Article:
The Next Queen of Heaven by Gregory Maguire
Every time I get a few chapters deep in a Gregory Maguire book I have the same thought, "What the heck did I get myself into?" But by the time I'm rounding the midway point of the story, I realize I've made yet another premature judgment. I think an explanation of my teetering opinions lie with the writing style of the author. The text tends to be a pinch of cryptic, a dash of dark with a splash of cynical. Although I enter each book with hesitation, I'm never disappointed with the ride.
The party mix of characters were as charming as they were oddly paired. A gay singing trio with a group of elder nuns? Neighboring Pentecostals with Catholics?
As with all groups of people with differences, you had the common stereotypical judgments, though these characters seemed to mesh despite themselves. Whether intentional or not, the showcase of camaraderie between these rare couplings strengthened my faith in brotherly love. We don't have to see eye to eye to walk side by side.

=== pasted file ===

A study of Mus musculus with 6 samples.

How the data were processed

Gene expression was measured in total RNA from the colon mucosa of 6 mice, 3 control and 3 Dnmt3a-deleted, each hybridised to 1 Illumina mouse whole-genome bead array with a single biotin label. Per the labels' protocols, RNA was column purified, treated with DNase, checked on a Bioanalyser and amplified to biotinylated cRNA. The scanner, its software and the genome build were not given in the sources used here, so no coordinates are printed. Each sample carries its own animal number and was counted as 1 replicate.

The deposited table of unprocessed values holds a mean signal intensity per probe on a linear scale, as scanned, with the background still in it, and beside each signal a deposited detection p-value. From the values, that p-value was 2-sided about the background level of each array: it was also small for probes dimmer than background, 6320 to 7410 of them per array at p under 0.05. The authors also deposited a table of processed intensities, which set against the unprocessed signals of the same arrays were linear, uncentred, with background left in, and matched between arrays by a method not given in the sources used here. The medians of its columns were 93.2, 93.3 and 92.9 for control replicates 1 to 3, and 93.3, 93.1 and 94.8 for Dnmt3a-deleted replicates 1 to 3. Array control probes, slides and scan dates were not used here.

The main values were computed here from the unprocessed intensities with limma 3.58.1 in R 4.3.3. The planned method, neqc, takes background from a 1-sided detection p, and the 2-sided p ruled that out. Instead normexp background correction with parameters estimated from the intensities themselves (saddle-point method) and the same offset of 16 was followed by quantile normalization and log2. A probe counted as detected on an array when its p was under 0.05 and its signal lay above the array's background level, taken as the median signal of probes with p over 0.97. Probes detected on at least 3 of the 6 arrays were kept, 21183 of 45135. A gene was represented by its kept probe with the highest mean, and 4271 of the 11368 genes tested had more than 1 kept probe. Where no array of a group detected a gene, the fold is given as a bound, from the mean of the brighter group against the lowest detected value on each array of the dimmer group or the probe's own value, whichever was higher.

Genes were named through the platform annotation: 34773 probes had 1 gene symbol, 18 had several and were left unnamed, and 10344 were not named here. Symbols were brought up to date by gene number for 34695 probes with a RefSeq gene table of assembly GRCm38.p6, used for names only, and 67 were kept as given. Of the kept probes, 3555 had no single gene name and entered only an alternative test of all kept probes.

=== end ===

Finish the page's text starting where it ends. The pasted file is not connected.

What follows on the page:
My single peeve with this book was the ending. I was thirty pages from the back cover and I struggled to figure out how it could possibly wrap up. The last pages held what was possibly the best part of the story but from there it takes a dip into confusion. There were two characters at the end, one was exactly where you expected them to be and the other was just an odd placement. I didn't really get it.
Despite Gregory Maguire's unconventional web of storytelling, it's well worth weathering his wacky world of wit for the pearl that awaits inside.